Journalism is not a crime ‘Meduza’ demands public access to the treason case against reporter Ivan Safronov
On Tuesday, July 7, our colleague, journalist Ivan Safronov, was arrested in Moscow. Ivan worked for many years at Kommersant, where he became one of Russia’s best specialists on the military-industrial complex, following in the footsteps of his father, who died tragically in 2007. Ivan is now accused of high treason. He supposedly transmitted certain secret information to a NATO member state.
Just yesterday, we were preparing ourselves mentally for an editorial in support of Pskov journalist Svetlana Prokopyeva, who was charged with “justifying terrorism.” Fortunately, the court decided not to send her to prison, and we sighed in relief. At the same time, however, together with everyone else, we are outraged that she should have to pay 500,000 rubles ($7,000) for speaking out about state repressions and fabricated criminal cases. The news today about Ivan Safronov’s arrest has turned out to be even more terrifying: prosecutors wanted Prokopyeva locked up for six years, but Safronov faces between 12 and 20 years in prison.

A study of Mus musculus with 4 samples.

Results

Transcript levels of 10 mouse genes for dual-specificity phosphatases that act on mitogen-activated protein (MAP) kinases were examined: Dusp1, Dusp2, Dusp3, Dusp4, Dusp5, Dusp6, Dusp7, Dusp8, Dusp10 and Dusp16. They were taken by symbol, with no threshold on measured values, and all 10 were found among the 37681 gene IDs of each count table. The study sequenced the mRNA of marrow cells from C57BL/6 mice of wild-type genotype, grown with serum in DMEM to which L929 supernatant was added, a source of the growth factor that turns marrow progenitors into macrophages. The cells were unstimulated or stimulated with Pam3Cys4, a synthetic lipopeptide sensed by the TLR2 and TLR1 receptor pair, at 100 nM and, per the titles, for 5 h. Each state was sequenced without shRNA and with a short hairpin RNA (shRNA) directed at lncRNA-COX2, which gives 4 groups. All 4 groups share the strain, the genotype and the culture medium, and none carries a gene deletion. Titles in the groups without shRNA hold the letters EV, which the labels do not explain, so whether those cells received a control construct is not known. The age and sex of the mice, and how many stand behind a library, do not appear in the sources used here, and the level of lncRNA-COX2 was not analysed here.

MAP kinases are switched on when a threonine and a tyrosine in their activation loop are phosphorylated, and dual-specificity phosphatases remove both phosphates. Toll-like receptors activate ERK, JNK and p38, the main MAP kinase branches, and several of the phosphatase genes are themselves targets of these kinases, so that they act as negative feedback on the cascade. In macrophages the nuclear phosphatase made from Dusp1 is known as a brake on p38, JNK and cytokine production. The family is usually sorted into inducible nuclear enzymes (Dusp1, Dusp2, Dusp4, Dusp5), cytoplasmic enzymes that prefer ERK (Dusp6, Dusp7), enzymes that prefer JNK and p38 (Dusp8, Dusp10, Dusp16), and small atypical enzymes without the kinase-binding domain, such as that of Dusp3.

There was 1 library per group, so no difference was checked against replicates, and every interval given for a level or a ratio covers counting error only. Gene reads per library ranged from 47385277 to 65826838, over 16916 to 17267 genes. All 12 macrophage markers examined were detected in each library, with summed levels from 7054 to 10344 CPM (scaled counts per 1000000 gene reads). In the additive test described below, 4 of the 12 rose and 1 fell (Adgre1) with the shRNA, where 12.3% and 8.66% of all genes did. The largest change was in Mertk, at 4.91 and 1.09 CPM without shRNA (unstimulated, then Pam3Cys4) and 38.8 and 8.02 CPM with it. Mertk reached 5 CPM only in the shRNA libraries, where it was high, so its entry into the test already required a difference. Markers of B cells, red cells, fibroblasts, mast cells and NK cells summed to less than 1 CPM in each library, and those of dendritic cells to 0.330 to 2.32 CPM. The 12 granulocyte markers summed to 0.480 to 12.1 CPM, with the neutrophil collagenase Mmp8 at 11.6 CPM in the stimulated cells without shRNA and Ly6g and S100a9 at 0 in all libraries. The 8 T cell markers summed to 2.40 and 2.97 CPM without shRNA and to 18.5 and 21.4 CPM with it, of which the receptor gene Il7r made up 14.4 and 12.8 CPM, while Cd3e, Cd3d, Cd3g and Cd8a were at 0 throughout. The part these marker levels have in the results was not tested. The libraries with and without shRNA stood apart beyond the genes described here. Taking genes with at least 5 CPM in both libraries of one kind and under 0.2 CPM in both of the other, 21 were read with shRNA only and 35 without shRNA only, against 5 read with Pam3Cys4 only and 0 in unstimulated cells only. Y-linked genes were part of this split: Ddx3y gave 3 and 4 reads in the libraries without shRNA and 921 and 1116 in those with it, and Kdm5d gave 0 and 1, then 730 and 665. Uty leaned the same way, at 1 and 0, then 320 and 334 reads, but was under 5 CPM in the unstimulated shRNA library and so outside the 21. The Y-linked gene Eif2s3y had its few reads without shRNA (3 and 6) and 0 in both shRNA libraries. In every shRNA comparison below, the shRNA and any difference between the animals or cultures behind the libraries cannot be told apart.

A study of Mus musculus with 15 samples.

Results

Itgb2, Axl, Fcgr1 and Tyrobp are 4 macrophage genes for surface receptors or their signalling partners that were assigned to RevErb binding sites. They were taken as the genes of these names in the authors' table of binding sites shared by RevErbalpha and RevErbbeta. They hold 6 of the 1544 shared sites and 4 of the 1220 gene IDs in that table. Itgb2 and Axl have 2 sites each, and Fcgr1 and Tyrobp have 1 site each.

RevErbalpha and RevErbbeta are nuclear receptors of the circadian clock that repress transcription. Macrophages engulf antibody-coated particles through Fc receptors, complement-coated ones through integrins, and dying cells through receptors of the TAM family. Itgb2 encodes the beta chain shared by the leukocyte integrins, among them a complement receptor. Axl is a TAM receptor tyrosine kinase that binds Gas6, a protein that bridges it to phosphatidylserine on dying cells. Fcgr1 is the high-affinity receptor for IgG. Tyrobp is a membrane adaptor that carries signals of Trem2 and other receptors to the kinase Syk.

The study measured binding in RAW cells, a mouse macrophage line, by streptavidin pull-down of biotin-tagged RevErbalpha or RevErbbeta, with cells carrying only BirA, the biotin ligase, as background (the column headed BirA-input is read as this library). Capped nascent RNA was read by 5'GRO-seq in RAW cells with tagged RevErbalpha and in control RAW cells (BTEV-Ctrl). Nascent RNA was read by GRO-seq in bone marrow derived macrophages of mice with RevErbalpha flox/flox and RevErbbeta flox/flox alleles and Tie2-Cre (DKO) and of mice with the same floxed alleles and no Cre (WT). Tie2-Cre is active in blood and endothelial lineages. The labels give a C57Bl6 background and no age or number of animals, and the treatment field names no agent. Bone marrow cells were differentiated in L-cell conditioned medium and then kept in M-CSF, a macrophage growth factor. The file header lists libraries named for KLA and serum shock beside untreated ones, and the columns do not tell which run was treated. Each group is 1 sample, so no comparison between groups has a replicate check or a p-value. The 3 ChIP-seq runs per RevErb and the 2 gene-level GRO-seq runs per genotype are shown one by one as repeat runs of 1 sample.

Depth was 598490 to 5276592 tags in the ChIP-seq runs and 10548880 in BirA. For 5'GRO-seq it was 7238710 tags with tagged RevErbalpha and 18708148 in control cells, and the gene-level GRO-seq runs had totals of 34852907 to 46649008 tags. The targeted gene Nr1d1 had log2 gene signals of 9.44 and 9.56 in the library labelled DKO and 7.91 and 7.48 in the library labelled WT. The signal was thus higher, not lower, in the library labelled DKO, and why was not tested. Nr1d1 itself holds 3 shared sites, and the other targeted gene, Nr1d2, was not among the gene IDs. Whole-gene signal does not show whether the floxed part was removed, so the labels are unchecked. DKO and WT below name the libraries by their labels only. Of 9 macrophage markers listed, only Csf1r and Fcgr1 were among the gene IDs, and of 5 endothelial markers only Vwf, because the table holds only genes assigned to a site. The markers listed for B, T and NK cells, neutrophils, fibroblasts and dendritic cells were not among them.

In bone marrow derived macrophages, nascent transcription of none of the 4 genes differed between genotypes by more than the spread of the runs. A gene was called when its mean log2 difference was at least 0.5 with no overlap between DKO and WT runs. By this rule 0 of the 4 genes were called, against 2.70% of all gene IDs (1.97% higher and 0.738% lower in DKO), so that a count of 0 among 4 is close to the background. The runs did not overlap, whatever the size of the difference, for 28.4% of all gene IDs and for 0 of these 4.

We don’t know what specifically is meant to incriminate Safronov. We don’t know what proof investigators have collected. And we don’t know the evidence that will be used in court. Worst of all, we’ll probably never know these things because treason prosecutions in Russia are carried out behind closed doors. It’s likely that even the lawyers in the case won’t be permitted to inform the public about developments in the trial.
But we know at least three things without a doubt: spymania has swept Russia in recent years, federal agents have tortured suspects in custody, and officials have often brought criminal charges against journalists, like the cases against Svetlana Prokopyeva and Meduza’s own Ivan Golunov. Sadly, condemning a man in a trial closed to the public is perhaps even easier than planting drugs on him. As the case moves forward, we can expect waves of anonymous statements “by sources close to the investigation,” who will claim that there’s no smoke without fire.
But until the authorities present convincing evidence of Ivan Safronov’s guilt for an open and impartial assessment, we will presume not just his innocence but that the entire case against him is fabricated. The purpose of this case (and many cases like it) is to pressure Russia’s fewer and fewer remaining independent journalists.
We trust Ivan Safronov’s integrity and we believe we have the right to demand that his case is opened to the public. Journalism is not a crime.